The story is set in a future society where humans are no longer born but instead grown from embryos in huge research labs. Years of trial and error has resulted in scientists being able to produce up to 15,000 individuals from a single embryo - all of which end up being twins. Immediately they are conditioned to think and feel and act in certain ways which make society what it should be - happy, stable, strong, and united. As they sleep they are played voice recordings which, to cut a long story short, programme them into what society wants them to be. One of the many recordings being "Everyone belongs to everyone else".
In a time when humans are made in batches, pyshcologically conditioned, mentally and physically matured in a fraction of the natural time, encouraged to participate in 'errotic play' from a young age, given 'soma' (a recreational drug) to cure lows, taught to throw out old/dirty/torn clothes and buy new ones, sheltered from dirt and disease, prevented from ever becoming pregnant, told that everyone belongs to everyone else (in effect everyone has sex with everyone without thinking twice as from a young age this is taught to be perfectly natural), given medicine so that you physically look like a 20 year old all your life until around the age of 50 when you drop dead, after hearing all this you are left with many questions. Questions like 'How could it ever work?', 'What would a society of clones be like?', 'Why on earth did they do it in the first place?', and 'Is everyone truly happy?'. Well, this book answers all these questions and many more, all the while introducing you to ideas you may never have come accross or thought too ridiculous to ponder over.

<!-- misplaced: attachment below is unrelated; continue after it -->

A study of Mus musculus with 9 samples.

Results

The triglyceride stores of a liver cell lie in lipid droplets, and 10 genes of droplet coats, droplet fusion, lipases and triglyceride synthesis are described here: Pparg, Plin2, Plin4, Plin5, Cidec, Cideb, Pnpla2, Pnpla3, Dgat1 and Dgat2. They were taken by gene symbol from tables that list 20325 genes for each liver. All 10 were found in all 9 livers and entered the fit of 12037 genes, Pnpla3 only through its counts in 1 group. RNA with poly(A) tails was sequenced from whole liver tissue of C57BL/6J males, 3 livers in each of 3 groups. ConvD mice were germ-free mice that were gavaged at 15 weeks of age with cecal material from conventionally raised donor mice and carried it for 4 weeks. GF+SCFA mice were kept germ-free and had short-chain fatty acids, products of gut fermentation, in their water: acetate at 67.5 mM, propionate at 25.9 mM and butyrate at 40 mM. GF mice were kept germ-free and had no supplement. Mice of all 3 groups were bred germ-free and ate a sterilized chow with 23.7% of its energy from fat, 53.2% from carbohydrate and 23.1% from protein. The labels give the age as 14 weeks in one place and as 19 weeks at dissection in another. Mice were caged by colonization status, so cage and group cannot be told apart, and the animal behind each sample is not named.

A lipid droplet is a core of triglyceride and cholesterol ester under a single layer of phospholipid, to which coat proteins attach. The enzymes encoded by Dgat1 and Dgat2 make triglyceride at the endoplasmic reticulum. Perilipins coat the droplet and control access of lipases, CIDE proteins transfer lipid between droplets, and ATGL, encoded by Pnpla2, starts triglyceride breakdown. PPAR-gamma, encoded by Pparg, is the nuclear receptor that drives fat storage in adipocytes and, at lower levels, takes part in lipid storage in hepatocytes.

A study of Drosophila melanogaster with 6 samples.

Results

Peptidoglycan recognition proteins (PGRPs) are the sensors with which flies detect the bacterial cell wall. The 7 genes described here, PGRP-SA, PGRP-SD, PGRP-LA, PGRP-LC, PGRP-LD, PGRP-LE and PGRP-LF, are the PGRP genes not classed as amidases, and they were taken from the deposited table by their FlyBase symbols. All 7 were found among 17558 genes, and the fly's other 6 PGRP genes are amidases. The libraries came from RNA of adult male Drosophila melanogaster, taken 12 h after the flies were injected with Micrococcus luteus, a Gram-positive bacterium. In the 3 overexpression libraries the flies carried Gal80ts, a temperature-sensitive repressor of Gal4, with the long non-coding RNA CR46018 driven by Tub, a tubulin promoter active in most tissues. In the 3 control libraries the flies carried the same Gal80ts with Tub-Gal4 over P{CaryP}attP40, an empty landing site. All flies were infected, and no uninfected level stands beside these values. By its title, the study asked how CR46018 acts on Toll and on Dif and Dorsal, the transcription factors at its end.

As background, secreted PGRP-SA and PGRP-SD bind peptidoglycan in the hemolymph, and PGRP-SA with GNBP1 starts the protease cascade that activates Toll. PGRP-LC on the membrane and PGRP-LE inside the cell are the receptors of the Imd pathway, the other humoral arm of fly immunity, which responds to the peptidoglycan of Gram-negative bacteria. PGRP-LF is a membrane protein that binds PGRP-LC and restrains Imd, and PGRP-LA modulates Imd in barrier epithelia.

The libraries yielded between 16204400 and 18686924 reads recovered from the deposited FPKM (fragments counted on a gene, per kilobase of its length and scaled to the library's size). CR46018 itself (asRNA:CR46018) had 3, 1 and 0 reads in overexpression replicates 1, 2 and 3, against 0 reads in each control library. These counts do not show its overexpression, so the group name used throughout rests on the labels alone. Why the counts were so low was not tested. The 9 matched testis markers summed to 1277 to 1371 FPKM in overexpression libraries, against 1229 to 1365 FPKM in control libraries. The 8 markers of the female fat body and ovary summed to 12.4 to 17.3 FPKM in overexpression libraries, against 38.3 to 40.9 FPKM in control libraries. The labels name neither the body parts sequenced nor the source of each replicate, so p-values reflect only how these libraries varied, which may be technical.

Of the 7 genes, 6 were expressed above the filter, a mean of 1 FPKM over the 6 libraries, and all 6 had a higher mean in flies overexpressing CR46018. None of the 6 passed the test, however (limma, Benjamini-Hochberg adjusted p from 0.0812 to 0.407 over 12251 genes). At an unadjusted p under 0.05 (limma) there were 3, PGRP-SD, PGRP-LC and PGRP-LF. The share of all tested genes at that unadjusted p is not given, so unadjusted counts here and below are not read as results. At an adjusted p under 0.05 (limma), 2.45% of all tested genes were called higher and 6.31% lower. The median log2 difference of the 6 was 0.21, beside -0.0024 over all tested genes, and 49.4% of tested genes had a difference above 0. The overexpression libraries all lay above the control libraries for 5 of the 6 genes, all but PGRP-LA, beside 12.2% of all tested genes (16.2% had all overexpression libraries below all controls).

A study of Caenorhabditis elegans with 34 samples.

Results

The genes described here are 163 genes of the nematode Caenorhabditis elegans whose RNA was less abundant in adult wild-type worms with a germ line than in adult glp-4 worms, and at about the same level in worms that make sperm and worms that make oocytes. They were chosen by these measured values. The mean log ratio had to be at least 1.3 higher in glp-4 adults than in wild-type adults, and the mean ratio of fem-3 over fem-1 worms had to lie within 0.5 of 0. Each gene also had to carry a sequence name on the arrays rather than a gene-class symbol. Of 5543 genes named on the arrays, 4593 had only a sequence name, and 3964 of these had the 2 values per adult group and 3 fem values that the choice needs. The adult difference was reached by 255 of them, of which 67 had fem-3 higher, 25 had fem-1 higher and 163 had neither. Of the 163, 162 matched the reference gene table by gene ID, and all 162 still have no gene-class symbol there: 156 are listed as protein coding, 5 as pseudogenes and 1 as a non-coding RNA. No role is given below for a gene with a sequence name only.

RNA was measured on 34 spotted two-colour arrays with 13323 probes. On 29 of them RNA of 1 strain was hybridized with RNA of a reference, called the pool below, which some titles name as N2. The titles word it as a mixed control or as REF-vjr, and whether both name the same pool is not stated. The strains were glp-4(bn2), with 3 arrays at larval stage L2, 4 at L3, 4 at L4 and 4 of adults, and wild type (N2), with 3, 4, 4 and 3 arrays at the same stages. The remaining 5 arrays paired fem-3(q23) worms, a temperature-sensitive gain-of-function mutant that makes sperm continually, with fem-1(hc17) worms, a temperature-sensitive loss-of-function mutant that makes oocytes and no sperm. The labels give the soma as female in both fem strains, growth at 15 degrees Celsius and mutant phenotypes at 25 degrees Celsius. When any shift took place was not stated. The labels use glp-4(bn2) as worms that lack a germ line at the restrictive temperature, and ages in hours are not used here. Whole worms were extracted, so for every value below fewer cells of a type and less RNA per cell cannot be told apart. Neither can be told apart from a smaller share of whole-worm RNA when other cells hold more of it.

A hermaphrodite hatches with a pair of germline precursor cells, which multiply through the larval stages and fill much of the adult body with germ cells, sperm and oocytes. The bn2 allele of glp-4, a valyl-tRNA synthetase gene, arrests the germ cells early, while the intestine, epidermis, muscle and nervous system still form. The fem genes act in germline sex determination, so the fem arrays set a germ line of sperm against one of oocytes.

Furthermore, what would happen if someone from the 'old world' was given a chance to see this society? Would they accept the offer? What would they think of being called a 'Savage' just because they were born into a family with a mother and father, just because they weren't conditioned, just because they wasted their time reading books, just because they showed an emotion called love, just because they were like you and me.
Brave New World is one of the most fascinating books you will ever read and Huxley must've had a great mind to write such a masterpiece - and all in 230 pages.
Huxley begins the novel by explaining the caste system: "We also predestine and condition. We decant our babies as socialized human beings, as Epsilons or Alphas, as future sewage workers or future world controllers." The lower the caste, the less oxygen administered to the embryo - thus the Epsilons foetuses will receive far less oxygen than the Alphas and grow to be far less intelligent. The mental disabilities of the Epsilons allow them to perform the least desired jobs without questioning why, or desiring a more fulfilling life. The story follows two main characters, Bernard Marx (an Alpha plus male) and John (a 'savage,' who is part of a Native American tribe with Christian beliefs, and therefore grew up without the conditioning or clinical living of the majority of people in Huxley's future). Because the two are as different as can be, the way in which the two men cope with their strange lives makes for enthralling reading.
John, the savage, often quotes Shakespeare and this is where the title of Brave New World originates (Miranda's reunion with her family in Act V of The Tempest). Should inhabitants become unhappy or dissatisfied, an anti-depressant known as 'Soma' is regularly handed out to all. Within the dystopian society, marriage and child bearing no longer exist. In fact, the latter is a taboo subject: “The word…‘father’ with its connotation of something at one remove from the loathsomeness and moral obliquity of childbearing – merely gross, a scatological rather than pornographic impropriety.”
Although many people believe Brave New World to touch upon the subject of genetic engineering, this is not quite true: The novel was written in 1932 - twenty years before the structure of DNA was discovered by Crick and Watson. Still, procedures such as hypnopaedia (sleep-teaching) and cloning have accelerated rapidly since the book's publication, and Huxley was quoted in 'Brave New World Revisited' (a collection of essays exploring the themes of his novel) as saying, 'I feel a good deal less optimistic than I did when I was writing Brave New World. The prophecies made in 1931 are coming true much sooner than I thought they would.' It has been said many times before, but Brave New World is a groundbreaking novel, written way ahead of its time. Read it and judge for yourself.